Matthew Brensilver, PhD

Mindfulness and Psychiatric Medication

Picture1What’s the relationship between mindfulness practice and psychiatric medication? Can one be a sincere mindfulness practitioner and, for example, take an antidepressant medication? Are medications ‘band-aids’ that prevent people from ‘getting to the bottom’ of their struggle? If we practiced mindfulness in the right way, would psychiatric conditions resolve themselves?

These questions arise often and are important. They tend to ignite a lot of strong views. The question is especially relevant given the increase in psychiatric medication usage. For example, antidepressant use has expanded substantially: in 2000, 6.5% of the population used antidepressants. In 2010, that number had increased to 10.4%.

The issue is close to my heart, and I imagine that I have some bias around these questions. First, I’ve been moved by many mindfulness students describing psychiatric struggles. Before teaching mindfulness, I spent years doing psychotherapy and research assessing the effectiveness of medications for psychiatric disorders. I’ve also seen loved ones struggle with psychiatric distress and wrestle with the decision to take or forego medication.

My personal view is that psychiatric medication has been unfairly stigmatized. Far from interfering with one’s practice, medication can play an important role in supporting mindfulness practice.

First, it’s important to acknowledge that psychiatric medications are imperfect. They don’t work for everyone and often have only modest benefits. They feature side effects. Pharmaceutical companies have disproportionately influenced the discussion about their effectiveness.

That said, I think the meditation community has been unnecessarily wary of psychiatric medication. It’s important to remember that mindfulness and medications share similar goals: the reduction of distress. Whatever genuine tools we have at our disposal to reduce distress are valuable. For many people, the intensity of psychiatric distress can make mindfulness practice virtually impossible. Stabilizing on a medication actually opens the possibility of settling into mindfulness practice. For conditions such a depression, combining medication and psychotherapy is often superior to either treatment alone. Similarly, for some people experiencing psychiatric distress, mindfulness paired with medication may be superior to either treatment alone.

Picture2I’ve been deeply touched by the healing that I’ve witnessed in students over the months and years of their mindfulness practice. But I’ve also been touched when I see someone struggling psychiatrically who begins a medication, and derives substantial benefit. I don’t think that the relief derived from practice is somehow more precious than the relief derived from medicine. Many times I’ve seen people work so hard at their mindfulness practice, sometimes doing psychotherapy too, but their symptoms persist. They often blame themselves and imagine that if they simply worked harder and practiced more, they wouldn’t suffer as much. But that attitude can be just another form of self-harshness.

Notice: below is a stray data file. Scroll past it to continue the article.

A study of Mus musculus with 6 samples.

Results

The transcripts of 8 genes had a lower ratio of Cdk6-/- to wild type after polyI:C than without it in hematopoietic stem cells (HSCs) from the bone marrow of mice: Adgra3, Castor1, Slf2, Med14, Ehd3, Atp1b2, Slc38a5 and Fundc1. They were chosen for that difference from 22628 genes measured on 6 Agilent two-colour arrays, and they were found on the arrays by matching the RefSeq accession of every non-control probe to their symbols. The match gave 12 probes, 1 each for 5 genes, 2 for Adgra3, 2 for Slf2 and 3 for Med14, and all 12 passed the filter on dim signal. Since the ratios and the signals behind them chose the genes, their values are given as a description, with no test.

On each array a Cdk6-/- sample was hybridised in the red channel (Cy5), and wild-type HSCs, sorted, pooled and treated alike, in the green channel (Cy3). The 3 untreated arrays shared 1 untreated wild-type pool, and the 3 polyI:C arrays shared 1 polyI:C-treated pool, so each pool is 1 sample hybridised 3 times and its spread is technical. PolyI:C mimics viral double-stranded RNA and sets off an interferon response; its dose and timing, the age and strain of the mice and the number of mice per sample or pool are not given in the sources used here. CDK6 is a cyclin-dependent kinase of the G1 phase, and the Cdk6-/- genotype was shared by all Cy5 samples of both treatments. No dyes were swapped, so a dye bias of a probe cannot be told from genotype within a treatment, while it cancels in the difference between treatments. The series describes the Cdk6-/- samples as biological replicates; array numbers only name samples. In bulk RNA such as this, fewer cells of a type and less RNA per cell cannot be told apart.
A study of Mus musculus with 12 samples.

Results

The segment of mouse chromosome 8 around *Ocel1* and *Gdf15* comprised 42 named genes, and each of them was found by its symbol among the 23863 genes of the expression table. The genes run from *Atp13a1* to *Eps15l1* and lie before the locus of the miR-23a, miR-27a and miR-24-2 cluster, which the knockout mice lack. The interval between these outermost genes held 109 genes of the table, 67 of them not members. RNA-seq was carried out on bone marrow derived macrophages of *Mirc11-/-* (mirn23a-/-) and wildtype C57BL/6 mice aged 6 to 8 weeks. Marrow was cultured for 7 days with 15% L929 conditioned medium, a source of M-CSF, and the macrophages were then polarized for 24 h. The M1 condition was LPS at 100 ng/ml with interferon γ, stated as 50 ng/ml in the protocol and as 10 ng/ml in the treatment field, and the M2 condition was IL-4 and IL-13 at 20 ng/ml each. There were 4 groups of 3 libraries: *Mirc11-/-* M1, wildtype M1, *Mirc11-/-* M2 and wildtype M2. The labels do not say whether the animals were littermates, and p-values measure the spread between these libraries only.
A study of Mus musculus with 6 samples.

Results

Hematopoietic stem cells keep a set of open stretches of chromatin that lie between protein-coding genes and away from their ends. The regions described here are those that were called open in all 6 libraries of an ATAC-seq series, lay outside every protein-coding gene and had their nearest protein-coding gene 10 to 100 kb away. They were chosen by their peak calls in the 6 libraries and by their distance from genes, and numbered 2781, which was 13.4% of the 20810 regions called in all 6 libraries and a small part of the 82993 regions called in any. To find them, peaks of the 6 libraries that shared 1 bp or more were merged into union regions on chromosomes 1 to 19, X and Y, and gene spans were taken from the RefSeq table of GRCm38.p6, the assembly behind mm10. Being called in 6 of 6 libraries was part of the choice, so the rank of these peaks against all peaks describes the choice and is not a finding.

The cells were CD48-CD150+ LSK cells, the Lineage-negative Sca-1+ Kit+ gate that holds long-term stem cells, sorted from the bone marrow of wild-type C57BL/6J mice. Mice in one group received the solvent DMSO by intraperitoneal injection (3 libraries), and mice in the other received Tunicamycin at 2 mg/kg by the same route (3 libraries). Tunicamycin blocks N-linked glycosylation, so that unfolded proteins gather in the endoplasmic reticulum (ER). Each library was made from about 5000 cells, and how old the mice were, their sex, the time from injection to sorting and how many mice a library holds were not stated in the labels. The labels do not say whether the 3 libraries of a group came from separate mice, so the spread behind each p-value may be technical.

So, how are we to understand the distrust about medication? No doubt, the answers are complicated but I’ll highlight two factors. First, we seem to overestimate the role of the will in psychiatric struggle. We tend to believe that depression or anxiety or addiction is somehow an expression of some personal deficiency. A deficient will. This leads us to assume that effortful recovery – treatments where we ‘work,’ like mindfulness – is superior to other approaches. Not always so.

I also think there’s something jarring about seeing how a tiny pill can catalyze such substantial changes in emotion and behavior. In a sense, we feel like we are our emotions. Taking a psychiatric medication makes it clear that what we feel and experience is dependent on many causes outside our control. Ultimately, this insight can be liberating, but it may initially feel unsettling.

One final comment. Psychiatric medication is designed to alleviate suffering. Mindfulness can function in this way too. However, psychiatric medication is not generally designed to promote flourishing. When one has a reasonable level of happiness – but something in the heart still feels incomplete – what are we to do? In that situation, I believe mindfulness offers something distinctive and precious. Mindfulness can alleviate distress, but it can also lead us states of flourishing and a sense of the deep completeness of the moment.


References

Fournier, J. C., DeRubeis, R. J., Hollon, S. D., Dimidjian, S., Amsterdam, J. D., Shelton, R. C., & Fawcett, J. (2010). Antidepressant drug effects and depression severity: a patient-level meta-analysis. JAMA, 303(1), 47-53.

Furmark, T., Tillfors, M., Marteinsdottir, I., Fischer, H., Pissiota, A., Långström, B., & Fredrikson, M. (2002). Common changes in cerebral blood flow in patients with social phobia treated with citalopram or cognitive-behavioral therapy. Archives of General Psychiatry, 59(5), 425-433.

Keller, M. B., McCullough, J. P., Klein, D. N., Arnow, B., Dunner, D. L., Gelenberg, A. J., … & Trivedi, M. H. (2000). A comparison of nefazodone, the cognitive behavioral-analysis system of psychotherapy, and their combination for the treatment of chronic depression. New England Journal of Medicine, 342(20), 1462-1470.

Lexchin, J., Bero, L. A., Djulbegovic, B., & Clark, O. (2003). Pharmaceutical industry sponsorship and research outcome and quality: systematic review. BMJ, 326(7400), 1167-1170.

Mojtabai, R., & Olfson, M. (2013). National trends in long-term use of antidepressant medications: results from the US National Health and Nutrition Examination Survey. The Journal of Clinical Psychiatry, 75(2), 169-177.